Boston College Chemists Used a Multi-Catalyst System to Convert CO2 to Methanolby Rudy P. SysAdmin at howtofindthemoney
Inspired by naturally occurring processes, a team of Boston College chemists used a multi-catalyst system to convert carbon dioxide to methanol at the lowest temperatures reported with high activity and selectivity. A paper on the work is published in the journal Chem.
Methanol is a promising renewable fuel that can be adapted to the current liquid fuel infrastructure. It can be produced from hydrogen and carbon dioxide, mitigating greenhouse gas emissions and storing hydrogen in the process. However, the industrial production of methanol through this hydrogenation reaction currently requires elevated temperatures and pressures and can produce significant amounts of unwanted byproducts.
Here, we employ a bioinspired tandem catalytic system to efficiently hydrogenate carbon dioxide to methanol selectively at low temperatures. We achieved superior performance by eliminating catalyst incompatibility through encapsulating at least one of the catalysts involved in the tandem process in nanoporous materials called metal-organic frameworks. In the long term, this method could be applied to other tandem catalytic processes, allowing more efficient access to alternative fuels, commodity chemicals, and valuable pharmaceutical products.
—Rayder et al.
The team’s discovery was made possible by installing multiple catalysts in a single system constructed within a sponge-like porous crystalline material known as a metal-organic framework, said Boston College Associate Professors of Chemistry Jeffery Byers and Frank Tsung, lead authors of the report.
Boston College researchers used three different catalysts in one system to transform, in three steps, the greenhouse gas carbon dioxide to methanol, a liquid fuel that serves as a promising method for hydrogen storage. The first catalyst converts carbon dioxide and hydrogen to formic acid, which is then modified by a second catalyst to form an ester, incorporating an alcohol additive and producing water. The third catalyst in the system, which is typically incompatible with the first catalyst, then converts this ester to methanol. The team was able to perform this multistep reaction in one reaction vessel despite using two incompatible catalysts by encapsulating one in a porous framework that also acts as the second catalyst. Credit: Frank Tsung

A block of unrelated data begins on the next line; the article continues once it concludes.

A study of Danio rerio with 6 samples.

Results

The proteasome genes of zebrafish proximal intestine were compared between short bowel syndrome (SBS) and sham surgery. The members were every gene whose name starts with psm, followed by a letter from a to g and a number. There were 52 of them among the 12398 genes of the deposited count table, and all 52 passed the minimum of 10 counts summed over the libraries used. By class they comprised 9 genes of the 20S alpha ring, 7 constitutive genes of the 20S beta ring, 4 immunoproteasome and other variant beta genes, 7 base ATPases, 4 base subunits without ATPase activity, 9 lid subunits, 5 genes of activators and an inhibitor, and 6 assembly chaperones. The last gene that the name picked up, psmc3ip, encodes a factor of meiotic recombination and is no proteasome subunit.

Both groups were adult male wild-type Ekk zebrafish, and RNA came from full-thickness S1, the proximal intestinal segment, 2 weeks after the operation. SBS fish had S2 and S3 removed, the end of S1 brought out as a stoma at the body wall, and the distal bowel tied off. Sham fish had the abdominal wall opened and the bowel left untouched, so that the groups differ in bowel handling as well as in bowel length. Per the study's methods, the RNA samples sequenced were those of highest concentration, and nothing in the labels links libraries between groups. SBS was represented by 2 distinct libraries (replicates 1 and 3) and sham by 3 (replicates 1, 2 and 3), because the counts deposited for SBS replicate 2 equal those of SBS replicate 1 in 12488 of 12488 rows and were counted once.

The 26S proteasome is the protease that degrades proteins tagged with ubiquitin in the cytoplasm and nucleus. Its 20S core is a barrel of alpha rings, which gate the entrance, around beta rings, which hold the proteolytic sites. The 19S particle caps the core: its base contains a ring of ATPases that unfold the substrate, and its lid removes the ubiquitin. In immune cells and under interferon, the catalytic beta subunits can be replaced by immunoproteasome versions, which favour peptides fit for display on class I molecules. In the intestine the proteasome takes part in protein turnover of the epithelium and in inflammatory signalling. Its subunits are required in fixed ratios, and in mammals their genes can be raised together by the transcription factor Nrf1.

Held in place by the sponge, the separate catalysts work in harmony. Without isolation of the catalytically active species in this way, the reaction did not proceed and no product was obtained, they reported.
The team drew its inspiration from the biological machinery in cells, which use multicomponent chemical reactions with great efficiency, Tsung said.
The team employed catalyst separation through host-guest chemistry—where a “guest” molecule is encapsulated in a “host” material to form a new chemical compound—in order to convert carbon dioxide to methanol. The approach, inspired by the multicomponent catalytic transformations in nature, converted a greenhouse gas to a renewable fuel while avoiding high catalytic demand on a single species.
We accomplished this by encapsulating one or more catalysts in metal-organic framework and applying the resulting host-guest construct in catalysis in tandem with another transition metal complex.
The team, which included graduate student Thomas M. Rayder and undergraduate Enric H. Adillon, set out to determine whether they could develop an approach to integrate incompatible catalysts in order to convert carbon dioxide to methanol at low temperature and with high selectivity, said Byers.
Specifically, they wanted to find out if there are specific advantages to this approach when compared to current state-of-the-art systems for transition metal complex-based conversion of carbon dioxide to methanol.
Positioning multiple transition metal complex catalysts at the right position in a system is critical to the reaction turning over. At the same time, encapsulating these catalysts allowed for recyclability in the multicomponent catalytic system.
These properties make the multicomponent catalyst construct more industrially relevant, which may pave the way for a carbon-neutral fuel economy, the researches said.
In addition to achieving site isolation by encapsulating the catalysts, which led to catalyst activity and recyclability, the team discovered an autocatalytic feature of the catalyst that enabled the reaction to be run without the need for large amounts of additives. Most previous reports for similar reactions use large amounts of additives, but the team’s approach avoids this necessity.
The team plans to do further research into the modularity of both the encapsulation method and the metal-organic frameworks to gain a deeper understanding of the multicomponent system and optimize it further, as well as access new, unexplored reactivity through the formation of new host-guest constructs, Tsung said.